The Magistrate was programmed as part of National Theatre’s Live Broadcasts, which played on Wednesday 16th January.
Pinero’s 1885 farce was adapted as a successful musical comedy in 1917, which seems at the forefront of Timonthy Sheader’s mind in his creation of The National Theatre’s latest hit comedy. Whilst the first song by the group of mime-like singers, seemed to crash on the stage in a disorientating and limp fashion, their presence became increasingly sought after as the play gained momentum, and their lyrics were often very funny, if sometimes not a bit patronising with warnings like ‘it’s the little lies that get you into trouble.’
The catalytic lie referred to is told by the widowed Agatha Posket, who deducted five years off her age to make herself more attractive to second husband, a respectable magistrate. Chaos ensues as she retrospectively corrects her sons age from nineteen-years old, to fourteen year old. This has obvious repercussions, as the newly-elected step-father is led astray by this not so young boy and Agatha does everything she can to conceal the truth. This avalanche affect of deception and confusion is given a comical appraisal.
Yet like all farce there is the stagnant residue of the tragic, which seems to resonate with its modern audience. Not only does Pinero’s play recognise the hypocrisy of the legal system but more poignantly women’s lowly position in society and the constant pressure for them to be young and beautiful. This sounds curiously similar to Lily Allen’s song about a women whose life ends thirty. The comic predicament of Mrs. Posket’s position gives the play a timeless air. Although that is not to estrange it from its nineteenth century ideology (after all would we be surprised to see a fourteen year old boy drinking, smoking and canoodling? Probably not.) Yet the most sensitive presentation of Sheader’s acknowledgement of the past is in Cis as a manufactured dandy figure with his flowery gestures, emotive tone of voice and errect ginger quiff. Although modern audiences can relate, with a sudden surge of Russel Brands, it is important to recognise this as a product of nineteenth century thinking. The play flirts with sexual references and often hints at a certain gayness between the gentlemen, which was a Victorian fixation. It is no coincidence that the second half of the play is set in a saucy Parisienne hotel, a place of ill-repute and debauchery. This is a reminder of the times covert obsession with homosexuality, which of course climaxed with Wilde’s imprisonment.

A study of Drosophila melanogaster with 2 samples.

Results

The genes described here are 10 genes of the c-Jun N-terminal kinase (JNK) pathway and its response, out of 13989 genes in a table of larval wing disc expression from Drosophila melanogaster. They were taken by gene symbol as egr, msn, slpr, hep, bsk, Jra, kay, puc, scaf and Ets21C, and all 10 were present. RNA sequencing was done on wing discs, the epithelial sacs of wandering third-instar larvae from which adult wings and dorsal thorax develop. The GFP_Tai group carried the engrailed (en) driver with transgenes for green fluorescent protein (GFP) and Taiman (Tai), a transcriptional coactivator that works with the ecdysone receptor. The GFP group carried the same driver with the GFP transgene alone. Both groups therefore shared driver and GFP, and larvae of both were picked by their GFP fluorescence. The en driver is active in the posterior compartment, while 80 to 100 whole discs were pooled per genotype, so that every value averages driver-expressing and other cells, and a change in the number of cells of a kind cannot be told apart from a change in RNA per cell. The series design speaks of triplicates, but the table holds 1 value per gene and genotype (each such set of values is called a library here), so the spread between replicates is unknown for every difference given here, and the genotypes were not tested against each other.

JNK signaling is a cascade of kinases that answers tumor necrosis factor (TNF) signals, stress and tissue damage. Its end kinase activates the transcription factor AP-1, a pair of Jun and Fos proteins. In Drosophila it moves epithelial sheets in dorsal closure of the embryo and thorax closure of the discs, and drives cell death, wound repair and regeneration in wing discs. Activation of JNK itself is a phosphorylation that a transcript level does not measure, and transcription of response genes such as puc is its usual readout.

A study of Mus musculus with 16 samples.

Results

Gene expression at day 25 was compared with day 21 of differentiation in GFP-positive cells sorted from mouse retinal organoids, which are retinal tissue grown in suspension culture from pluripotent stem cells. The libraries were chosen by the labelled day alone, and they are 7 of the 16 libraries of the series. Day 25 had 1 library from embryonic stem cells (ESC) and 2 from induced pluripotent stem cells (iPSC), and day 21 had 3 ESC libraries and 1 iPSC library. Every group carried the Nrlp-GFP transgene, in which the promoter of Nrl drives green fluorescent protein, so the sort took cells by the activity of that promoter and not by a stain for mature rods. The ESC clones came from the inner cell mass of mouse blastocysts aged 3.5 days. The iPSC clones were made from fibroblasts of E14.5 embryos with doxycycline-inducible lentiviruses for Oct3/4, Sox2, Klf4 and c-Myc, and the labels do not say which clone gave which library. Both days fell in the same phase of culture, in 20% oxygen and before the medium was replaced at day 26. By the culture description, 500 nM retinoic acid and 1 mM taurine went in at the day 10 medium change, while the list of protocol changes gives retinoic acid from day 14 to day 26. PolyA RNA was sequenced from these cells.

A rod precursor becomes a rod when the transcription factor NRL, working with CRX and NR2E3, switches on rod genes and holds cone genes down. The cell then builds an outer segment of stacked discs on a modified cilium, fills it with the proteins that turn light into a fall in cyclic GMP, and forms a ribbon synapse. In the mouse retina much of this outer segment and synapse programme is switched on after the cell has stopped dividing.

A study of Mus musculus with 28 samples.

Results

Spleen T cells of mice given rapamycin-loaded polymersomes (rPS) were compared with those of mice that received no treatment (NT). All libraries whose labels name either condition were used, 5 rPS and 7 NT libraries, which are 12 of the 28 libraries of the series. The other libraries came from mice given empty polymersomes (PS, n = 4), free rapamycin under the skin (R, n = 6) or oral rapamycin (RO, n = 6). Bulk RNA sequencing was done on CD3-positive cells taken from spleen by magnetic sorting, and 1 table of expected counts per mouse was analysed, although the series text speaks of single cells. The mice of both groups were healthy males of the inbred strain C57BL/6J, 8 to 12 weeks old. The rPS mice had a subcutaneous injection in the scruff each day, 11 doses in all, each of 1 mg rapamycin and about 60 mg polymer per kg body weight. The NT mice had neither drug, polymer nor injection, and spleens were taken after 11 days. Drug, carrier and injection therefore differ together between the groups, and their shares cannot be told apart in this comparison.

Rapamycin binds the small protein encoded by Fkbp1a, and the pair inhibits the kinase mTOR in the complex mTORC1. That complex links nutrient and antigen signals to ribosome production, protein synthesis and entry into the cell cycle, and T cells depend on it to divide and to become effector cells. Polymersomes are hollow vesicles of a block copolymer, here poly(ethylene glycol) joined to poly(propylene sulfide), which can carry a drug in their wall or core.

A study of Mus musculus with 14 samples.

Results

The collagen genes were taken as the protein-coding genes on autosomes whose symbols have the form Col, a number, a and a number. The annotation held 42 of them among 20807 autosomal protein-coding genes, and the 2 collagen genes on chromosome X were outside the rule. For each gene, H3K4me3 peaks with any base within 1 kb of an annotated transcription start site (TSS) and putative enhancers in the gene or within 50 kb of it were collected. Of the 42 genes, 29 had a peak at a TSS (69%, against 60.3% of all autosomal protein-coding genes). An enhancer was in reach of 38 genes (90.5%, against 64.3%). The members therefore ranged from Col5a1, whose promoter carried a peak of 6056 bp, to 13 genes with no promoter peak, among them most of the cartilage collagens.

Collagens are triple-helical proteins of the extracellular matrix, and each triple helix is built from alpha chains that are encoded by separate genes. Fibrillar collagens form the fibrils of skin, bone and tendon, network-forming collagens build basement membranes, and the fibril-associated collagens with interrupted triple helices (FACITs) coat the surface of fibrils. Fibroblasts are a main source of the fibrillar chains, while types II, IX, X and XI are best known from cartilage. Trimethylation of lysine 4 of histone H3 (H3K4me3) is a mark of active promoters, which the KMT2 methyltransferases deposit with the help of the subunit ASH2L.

In relation to the speed of the play, Sheader’s inclusion of chorus was most certainly a practical decision to relieve the relentless actors. The tension between performing a Victorian play on a relatively enormous modern stage means that the actors have to play it big, a tiresome prospect. The characters succeeded in doing this without making it contrived or becoming caricature, which is an easy pitfall. Nancy Caroll provides another award worth performance as Mrs Poskett, with her quintessential English elegance. One of the funniest scenes was in the second half, between her and Colonel Lukyn set in the hotel: filled with endless confusion and misconceptions, it is exactly what makes a great farce. Joshua McGuire is also very amusing as Cis as he drags around the lording Magistrate played by the fantastic John Lithgow.
The physical humour of the show was realised with perfect choreography that owes a lot to the level of talent the show employs. It is a great production that is loyal to its Victorian roots and coveys the play as a working piece of literature. The actors are taking a well deserved break at the moment, but if you missed it’s live broadcast the production is due to run until 10th February.